Tasting Lab: Sticky Rice Puerh

AJ Ward - May 1, 2024

So far in the Tasting Lab, we've explored discontinued blends, old recipes from the blend book, and new blends following old techniques. It's been a lot of fun! But for May, we're swinging in a new direction, and trying something more single-origin.

This month's tea is a compressed puerh. Each piece comprises about five grams of material, enough for a two-cup pot, or multiple steepings in a mug. But what makes this tea unique, is it blends tea with semnostachya menglaensis, or nuòmǐ xiāng (literally 'sticky rice fragrance'), an herb that smells deliciously of cooked basmati rice, sweet bread and vanilla. The resulting tea has a rich, earthy, sweet flavour, with roasty cooked rice and vanilla notes throughout.

Puerh can be a daunting tea for drinkers to first get into. The dark colour it brews can be intimidating, and with flavour descriptions like 'earth', 'wood' and 'tobacco', it's difficult to know what to expect. This won't be an in-depth introduction to puerh (that's its own deep, deep rabbit hole!), but I hope to spur a little appreciation for this interesting tea.

Puerh originates from the Yunnan province of China. Readers are likely aware that we already sell a puerh--Tribute Puerh; this is a solid restaurant-style shou puerh. The sort you may be served with a particularly heavy meal, characterized by a peaty aroma, and a deeply ripe, earthy taste. With next to no bitterness, it's a very comfortable tea that contrasts well with greasy foods.

Our Sticky Rice Puerh is a similar style of cooked or shou puerh, but sees the addition of nuòmǐ xiāng nèn yè (糯米香嫩叶), or 'sticky rice fragrance tender leaves'. This herb has a similar flavour and aroma to pandan leaves, used in Thai dishes. It smells like warm, cooked white rice, with sweet flavours of rice, popcorn, and vanilla.

This tea was chosen for the Tasting Lab due to its comfortable, inviting aroma and flavour. Toast and vanilla paired with earthy and woodsy flavours make for a very cozy cuppa; the days are getting longer and warmer, but at least in Vancouver, rain is still the norm. Whether you prefer to brew this in a mug or a gaiwan, I feel like it pairs particularly well with stormy, rainy afternoons sat at the window. Its surprisingly smooth flavour goes very well with heavy meals--I think it's a good cup with meat dishes, pork chops or steak, heavy sauces, fatty, or dairy-rich meals. It's also a great introduction for those who have been curious about puerh, but haven't quite taken the first steps. Each piece is individually wrapped in rice paper, making it convenient to carry and taking the guesswork out of portioning your tea.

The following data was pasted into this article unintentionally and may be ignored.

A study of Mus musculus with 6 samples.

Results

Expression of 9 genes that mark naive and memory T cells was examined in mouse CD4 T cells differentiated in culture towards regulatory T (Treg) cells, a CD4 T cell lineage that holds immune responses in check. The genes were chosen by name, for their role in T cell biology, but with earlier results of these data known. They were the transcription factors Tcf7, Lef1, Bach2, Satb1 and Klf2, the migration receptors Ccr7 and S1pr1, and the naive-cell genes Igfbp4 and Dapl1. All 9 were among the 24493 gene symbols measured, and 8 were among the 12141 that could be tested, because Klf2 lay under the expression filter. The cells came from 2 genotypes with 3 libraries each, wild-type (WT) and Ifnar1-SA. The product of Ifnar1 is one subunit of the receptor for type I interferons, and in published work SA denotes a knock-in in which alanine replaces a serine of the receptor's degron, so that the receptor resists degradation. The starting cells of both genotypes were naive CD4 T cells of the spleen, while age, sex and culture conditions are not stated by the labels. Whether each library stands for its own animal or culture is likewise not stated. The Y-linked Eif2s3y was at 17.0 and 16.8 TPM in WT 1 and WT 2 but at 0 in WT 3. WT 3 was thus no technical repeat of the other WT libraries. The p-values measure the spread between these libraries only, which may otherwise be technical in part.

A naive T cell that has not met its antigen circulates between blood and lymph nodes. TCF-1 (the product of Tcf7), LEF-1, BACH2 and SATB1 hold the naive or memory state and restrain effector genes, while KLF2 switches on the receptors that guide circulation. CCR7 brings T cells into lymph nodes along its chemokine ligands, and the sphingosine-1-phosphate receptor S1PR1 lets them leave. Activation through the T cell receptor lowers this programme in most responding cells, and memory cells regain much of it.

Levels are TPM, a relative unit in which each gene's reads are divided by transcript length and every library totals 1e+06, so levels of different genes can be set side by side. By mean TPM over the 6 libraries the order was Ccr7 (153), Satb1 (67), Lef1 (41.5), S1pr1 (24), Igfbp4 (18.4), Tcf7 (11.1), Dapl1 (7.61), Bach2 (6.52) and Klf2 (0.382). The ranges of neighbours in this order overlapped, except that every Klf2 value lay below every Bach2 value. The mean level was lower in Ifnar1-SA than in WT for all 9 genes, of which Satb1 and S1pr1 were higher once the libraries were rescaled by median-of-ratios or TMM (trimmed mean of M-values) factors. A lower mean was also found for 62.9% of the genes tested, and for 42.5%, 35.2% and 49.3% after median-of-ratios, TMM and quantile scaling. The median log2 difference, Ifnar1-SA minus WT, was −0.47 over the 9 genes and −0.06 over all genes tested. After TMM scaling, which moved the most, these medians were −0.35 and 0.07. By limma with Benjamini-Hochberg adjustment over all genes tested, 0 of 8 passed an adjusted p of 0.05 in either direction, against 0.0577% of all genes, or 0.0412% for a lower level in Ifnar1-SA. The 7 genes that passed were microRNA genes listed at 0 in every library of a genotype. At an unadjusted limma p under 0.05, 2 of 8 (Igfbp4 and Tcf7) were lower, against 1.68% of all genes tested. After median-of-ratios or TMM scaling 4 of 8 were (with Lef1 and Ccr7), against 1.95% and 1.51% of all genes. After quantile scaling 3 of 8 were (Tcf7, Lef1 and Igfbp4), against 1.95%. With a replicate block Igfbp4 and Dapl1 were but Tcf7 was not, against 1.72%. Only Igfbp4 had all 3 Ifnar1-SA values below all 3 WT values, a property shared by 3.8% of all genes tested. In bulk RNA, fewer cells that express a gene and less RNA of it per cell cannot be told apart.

This puerh is conveniently packaged as individual compressed tuocha, and can be brewed a couple of different ways depending on your preference and available teaware. Below we'll explore brewing in a mug, a teapot, and a gaiwan.

Before brewing, remove the rice paper cover and place the tuocha in your desired container; pour fresh boiling water over the tea, and discard this first steep after ten seconds. Because the tea is tightly compressed, this 'rinse' will help open up the leaves so that the tea can brew to its full potential.

Because the tea is compressed into small tuocha, the leaves can become a bit crumbly, so a good, fine strainer is recommended to keep leaves out of your cup.


One piece is easily enough for one 8oz serving, and the steeping-time can be adjusted to accommodate a 6oz teacup to a 12oz mug.

After the initial 10 second rinse, pour freshly boiled water over the tea, and steep it for one minute. This will produce a deep, rich cup. Add or remove 20 seconds for a larger or smaller cup.

This tea can be steeped a second time at two minutes; you'll find the flavours evolve and change between each steep.

Steep this tea a third time for four minutes.


Use one piece for a two cup or three cup teapot. Steep for ten seconds and discard the water to wake up the tea, as noted above. A good strainer is recommended when pouring from the pot, to prevent stray leaves from ending up in teacups.

Steep the tea for two minutes, and serve by pouring through a strainer into cups, leaving the leaves in the teapot. Immediately top up the pot with freshly boiled water and keep steeping. Top up teapot as needed after each cup until the tea loses flavour.


Those already familiar with a gaiwan will find this tea does excellently with short, quick steeps. Use one piece for a 100ml-120ml gaiwan. Steep for ten seconds and discard to wake up the tea.

For the first, second, and third steeps, steep the tea in ten second intervals.

After the third steep, increase by five seconds for subsequent steeps. This tea will easily last seven or eight steepings before it loses flavour.